I regret not going to the event: a discussion on systems and the methodical ordering of services. I could have gone but instead when I am asked what I am doing tonight, I respond by saying I am going home. Once seated in the car I promptly pass out.
I regret not going to the event still by the time I return home and the discussion is half-way through its proposed duration. I don't think about what I am missing, but instead lament about what I am not hearing. I have no real concept about the event's discussion ("logistics," "flow," "contemporary urbanism") but I decide not to try to figure it out on my own. The point of the discussion is to have the experts on the panel divulge the truth and the meaning to the order of systems. In missing the event I decide I am left for the better: innocence untainted by the knowledge of the machine.
I regret not going to the event. But I am so tired I shower with the lights off so that when I slide into bed between down comforters it is as if I have never left warmth.
There is something to be said about the remarkable invitation of a hot shower, without feeling like each individual water stream is an attack. Between down comforters: soft embrace, the maternal bosom of reclining. How does my architecture design the flow of touch? How inviting are the logistics of my design?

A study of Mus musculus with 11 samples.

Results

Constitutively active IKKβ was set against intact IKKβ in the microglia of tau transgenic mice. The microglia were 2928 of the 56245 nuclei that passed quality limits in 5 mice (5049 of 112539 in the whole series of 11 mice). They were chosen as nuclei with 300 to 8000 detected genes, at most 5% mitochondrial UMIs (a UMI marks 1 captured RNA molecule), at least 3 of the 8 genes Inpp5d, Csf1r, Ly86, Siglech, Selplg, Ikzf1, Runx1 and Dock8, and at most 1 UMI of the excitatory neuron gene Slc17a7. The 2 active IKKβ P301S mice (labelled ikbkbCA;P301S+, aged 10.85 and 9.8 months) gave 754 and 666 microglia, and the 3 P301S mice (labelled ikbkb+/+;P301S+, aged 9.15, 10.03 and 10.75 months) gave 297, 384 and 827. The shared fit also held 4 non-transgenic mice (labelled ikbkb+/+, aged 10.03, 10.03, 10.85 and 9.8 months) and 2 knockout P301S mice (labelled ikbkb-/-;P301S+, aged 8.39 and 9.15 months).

I would like an expert of panels to divulge the truth and the meaning to the order of my systems. The question then arises whether I would be the subject or if I would be the audience.
Would they need to touch me?
I submit an admission on debasement and pride to a question on the interpretation of terrain. I am the terrain, but my memory of the past is the map I cannot access: it is either before my eyes or it is not. Like an avatar in a video game, the perspective always follows me but I am not privy to the route or to the narrative. Until I respawn and repeat: do it again until you die again. Start from your save point.
Where did I last save?
There is an image that serves as a map of my memory and a compass for debasement. The map is a 1943 measuring tool for art: the ideal female figure as constructed by Andrew Loomis for his passively-titled instructional book, Figure Drawing for All It's Worth. Loomis provides the post-war world with the cheat codes to success, both for men and for women. This is how you win the game. Keep your salad fork held high and your smile symmetrical and you'll never need to save again.
You don't need experts to touch you to be ideal. You just need a measuring tape for all it's worth.